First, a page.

September 7, 2011
A tidal first
While community owned wind power may not exactly be common place across Scotland the body of knowledge and experience surrounding it is growing fast – and this is being accelerated by the work of Community Energy Scotland. Other forms of renewable energy generation – namely hydro and bio mass are growing too. Community owned tidal power has been slower to take off but perhaps that’s about to change
IT’S a windswept northern island surrounded by vicious Atlantic tides and currents. Now the power of at least one of the elements that dominate life on Yell is to be harnessed.
The world’s first community-owned tidal power generator is to be installed 200 metres off the coast of Shetland’s northernmost outpost by the end of the year.
The custom-designed machine is currently being built at Leith-based renewable energy company Nova Innovations and the device – which looks like a small wind turbine with blades about four metres in diameter – is expected to be deployed in the waters of the narrow Bluemull Sound between Yell and neighbouring Unst.
Alan Nisbet, the secretary of the North Yell Development Council, believes the installation of the groundbreaking tidal power device could be a major money-spinner for the island community and herald an energy revolution for other small island communities around Scotland’s coast. But he admitted: “It is a leap into the unknown. I wouldn’t say it is a gamble but it is certifiably not like dealing with wind turbines.
“The potential could be enormous if this small scheme works for our community. And I am sure other coastal communities, particularly down the west of Scotland, could also benefit. There are lot of small islands and quite a lot of them have strong tides.
“The council went for this idea because we have a good tidal resource off our coast. We are aware that it’s experimental but we are hoping that it will generate income which we can use for community development. It could potentially be a great way of capturing the resource that is on our doorstep. There is certainly a lot of excitement on Yell about the prospect of harnessing tidal power.”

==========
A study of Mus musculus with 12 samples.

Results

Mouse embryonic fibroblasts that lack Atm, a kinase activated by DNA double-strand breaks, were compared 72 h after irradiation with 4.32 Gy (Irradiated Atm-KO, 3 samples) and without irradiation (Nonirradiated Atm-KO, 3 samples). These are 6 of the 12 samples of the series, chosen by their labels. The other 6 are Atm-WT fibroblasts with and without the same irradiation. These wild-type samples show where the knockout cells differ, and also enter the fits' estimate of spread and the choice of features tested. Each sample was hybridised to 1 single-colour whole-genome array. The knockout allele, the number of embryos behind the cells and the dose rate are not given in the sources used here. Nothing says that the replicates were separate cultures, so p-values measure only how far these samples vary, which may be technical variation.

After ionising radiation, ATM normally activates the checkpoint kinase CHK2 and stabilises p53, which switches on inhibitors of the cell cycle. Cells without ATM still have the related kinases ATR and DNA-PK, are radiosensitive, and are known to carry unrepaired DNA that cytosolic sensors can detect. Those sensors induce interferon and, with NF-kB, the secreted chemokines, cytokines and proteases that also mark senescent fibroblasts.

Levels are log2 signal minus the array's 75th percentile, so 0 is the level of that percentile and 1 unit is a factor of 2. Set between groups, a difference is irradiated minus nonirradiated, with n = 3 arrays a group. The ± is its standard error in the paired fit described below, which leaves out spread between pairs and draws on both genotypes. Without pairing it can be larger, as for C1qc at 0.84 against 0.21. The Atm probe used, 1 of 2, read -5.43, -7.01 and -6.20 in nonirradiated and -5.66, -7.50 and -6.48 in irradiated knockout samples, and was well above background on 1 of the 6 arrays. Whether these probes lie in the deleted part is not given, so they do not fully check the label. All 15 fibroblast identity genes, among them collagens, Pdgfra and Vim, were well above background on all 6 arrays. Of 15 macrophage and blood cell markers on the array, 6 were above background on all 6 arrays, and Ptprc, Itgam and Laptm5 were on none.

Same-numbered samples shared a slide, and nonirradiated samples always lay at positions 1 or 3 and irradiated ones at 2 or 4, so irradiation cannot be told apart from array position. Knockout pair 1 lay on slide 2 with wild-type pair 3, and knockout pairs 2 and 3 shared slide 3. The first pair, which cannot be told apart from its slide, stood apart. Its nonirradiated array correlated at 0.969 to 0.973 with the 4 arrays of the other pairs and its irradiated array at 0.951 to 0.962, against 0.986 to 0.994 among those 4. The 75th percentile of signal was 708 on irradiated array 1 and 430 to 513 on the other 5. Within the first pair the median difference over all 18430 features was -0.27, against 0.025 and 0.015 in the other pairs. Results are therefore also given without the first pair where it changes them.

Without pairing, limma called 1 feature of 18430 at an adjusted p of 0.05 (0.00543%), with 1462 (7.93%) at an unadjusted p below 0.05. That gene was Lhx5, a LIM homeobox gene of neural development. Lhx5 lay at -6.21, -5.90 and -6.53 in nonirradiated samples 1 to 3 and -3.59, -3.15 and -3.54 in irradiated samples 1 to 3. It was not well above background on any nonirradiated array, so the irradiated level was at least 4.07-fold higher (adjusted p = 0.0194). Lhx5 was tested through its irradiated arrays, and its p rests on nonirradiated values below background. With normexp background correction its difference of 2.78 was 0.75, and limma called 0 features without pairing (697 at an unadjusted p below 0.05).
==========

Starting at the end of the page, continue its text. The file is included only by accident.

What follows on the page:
Nisbet explained that the council already had planning permission for a wind farm on the island but could not start work on the development because of the current restrictions on the Shetland grid. Shetland is still the only significantly sized island group in the UK not to be connected to the mainland grid.
Yell is the second-biggest island in the Shetland archipelago and has a population of about 950. The pioneering energy scheme has been made possible through £168,000 in grants from Community Energy Scotland, Shetland Islands Council and HIE Shetland.
Simon Forest, a spokesman for Nova Innovations, explained: “The 30-kilowatt device will be grid-connected, powering a local ice plant and industrial estate and helping to regenerate the fragile economy of North Yell – one of Europe’s most remote communities.
“Final commissioning is set for the end of 2011, making it the world’s first community-owned tidal scheme.
“A grassroots movement combining a progressive community and local authority, with the support and guidance of Community Energy Scotland, ha s enabled this innovative and cutting-edge tidal technology project to become reality. The successful project will herald a new model for tidal development where all the benefits go to the community through their ownership of the tidal power scheme.”
He added: “Nova Innovation and the North Yell community have not had an easy path to get their project to launch stage, not least having to overcome significant red tape – at the last count over 17 licences, permits and statutory permissions.”
The tidal scheme has still to be granted a grid connection by Scottish and Southern Energy, which operates the Shetland grid.
But Jennifer McGregor, the communications manager for the Northern Isles New Energy Solutions (NINES) project on Shetland, said the aim of the scheme was to address some of the most pressing energy challenges Shetland currently faces by allowing small-scale renewable generation to play a much more significant role in meeting the islands’ energy needs.
She told Scotland on Sunday: “We are aiming to free up capacity on the system so we can connect more developments. But it (North Yell] is exactly the kind of project that we would anticipate being able to connect fairly early on in the process.”
She explained that the problem was not how much energy was being consumed on Shetland, but the stability of the supply.
McGregor added: “Because of the nature of renewable energy it is less controllable than, say, a thermal or coal-fired power station. The way in which the electricity is produced and the way it varies can have a destabilising effect when there is too much of it on an island’s network. The NINES project will allow a much higher level of renewable energy to be taken on to the system in Shetland.”